This is the third and the last in the series of articles on checking image overlap using Mathematica.

Let us take a quick look at the images that we are using as samples (**image1** and **image3** in the first row, **image3** and **image4** in the second row):

The first technique we will consider today is the use of color histograms. The following image shows the histogram of **image1**.

We intuitively expect that if two images are similar (this happens when there is significant overlap), their histograms will also be similar. For convenience, here are the histograms of all 4 images we are evaluating:

As you can see, there is a lot of similarity between the histograms of images 1 to 3, whereas **image4** is noticeably different.

Instead of visual analysis, is there any other way to compute this similarity? The ImageLevels function allows us to get the histogram data to any level of granularity. Here is what we get for **image1** using 10 levels:

OK, how do we use this? We first convert this into a matrix without the level designator. Here is a simple function to do that and the corresponding output for **image1**:

Similarity between two images now reduces to the similarity between two matrices. I wrote the following function to compute the similarity between two images. what I do here is to compute the ContraharmonicMean of the two histogram matrices, take the EuclideanDistance between the two and take its reciprocal. Finally I scale the value up so that the fraction is not too small.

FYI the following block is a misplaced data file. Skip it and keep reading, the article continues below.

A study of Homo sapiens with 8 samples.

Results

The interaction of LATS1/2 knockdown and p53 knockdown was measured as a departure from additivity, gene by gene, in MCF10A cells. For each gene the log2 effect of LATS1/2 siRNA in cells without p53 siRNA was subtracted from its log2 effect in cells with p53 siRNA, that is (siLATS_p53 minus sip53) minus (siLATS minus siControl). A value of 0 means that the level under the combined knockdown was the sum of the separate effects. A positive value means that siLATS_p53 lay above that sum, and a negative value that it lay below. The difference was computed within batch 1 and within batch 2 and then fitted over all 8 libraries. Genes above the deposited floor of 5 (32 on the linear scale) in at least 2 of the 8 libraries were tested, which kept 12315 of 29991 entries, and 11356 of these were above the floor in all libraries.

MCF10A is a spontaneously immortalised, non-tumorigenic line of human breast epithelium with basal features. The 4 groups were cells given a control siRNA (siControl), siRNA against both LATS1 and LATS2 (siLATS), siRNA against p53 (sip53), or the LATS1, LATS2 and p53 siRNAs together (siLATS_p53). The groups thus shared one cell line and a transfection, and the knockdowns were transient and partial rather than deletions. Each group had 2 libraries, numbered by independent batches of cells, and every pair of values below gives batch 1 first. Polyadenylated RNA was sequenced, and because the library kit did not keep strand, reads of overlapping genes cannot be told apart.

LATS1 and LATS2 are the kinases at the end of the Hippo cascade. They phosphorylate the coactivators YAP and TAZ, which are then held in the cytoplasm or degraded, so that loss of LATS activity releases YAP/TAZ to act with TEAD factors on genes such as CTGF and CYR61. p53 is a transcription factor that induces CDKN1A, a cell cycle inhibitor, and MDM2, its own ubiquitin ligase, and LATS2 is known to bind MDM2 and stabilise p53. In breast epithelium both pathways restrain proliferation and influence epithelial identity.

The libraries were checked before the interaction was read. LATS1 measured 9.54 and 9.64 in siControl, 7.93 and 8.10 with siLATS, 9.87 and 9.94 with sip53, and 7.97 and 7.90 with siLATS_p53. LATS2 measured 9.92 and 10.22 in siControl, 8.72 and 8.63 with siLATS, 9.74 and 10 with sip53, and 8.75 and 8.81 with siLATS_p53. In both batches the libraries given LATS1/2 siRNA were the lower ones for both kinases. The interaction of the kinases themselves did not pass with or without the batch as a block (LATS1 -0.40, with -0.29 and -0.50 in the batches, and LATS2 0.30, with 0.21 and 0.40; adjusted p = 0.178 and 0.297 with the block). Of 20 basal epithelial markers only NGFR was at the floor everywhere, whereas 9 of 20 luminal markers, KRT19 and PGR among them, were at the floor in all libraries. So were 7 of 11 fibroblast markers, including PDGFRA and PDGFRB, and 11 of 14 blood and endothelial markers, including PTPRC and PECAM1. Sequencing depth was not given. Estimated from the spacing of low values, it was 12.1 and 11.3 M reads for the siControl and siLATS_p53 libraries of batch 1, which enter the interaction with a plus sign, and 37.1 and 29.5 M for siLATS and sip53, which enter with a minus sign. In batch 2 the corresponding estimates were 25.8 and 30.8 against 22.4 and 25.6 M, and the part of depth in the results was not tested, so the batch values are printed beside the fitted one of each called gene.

When we apply this function to the different image pairs, we get the following values:

You can see that the value is 2-3 times higher when there is significant overlap, compared to when there is little or no overlap. Of course, we have to be careful when we use this approach because it is more like an an *educated guess*.

The last function we will consider is ImageDistance. This function computes the Euclidean distance (by default) between two images.

When applied to our image pairs, we see that the distance between dissimilar images **image1** and **image4** is much higher than that between **image1** and **image2** or **image1** and **image3**. This roughly points to the degree of overlap between the image pairs.

This concludes my study of different techniques to determine the degree of overlap between two images. Hope you found the discussion useful.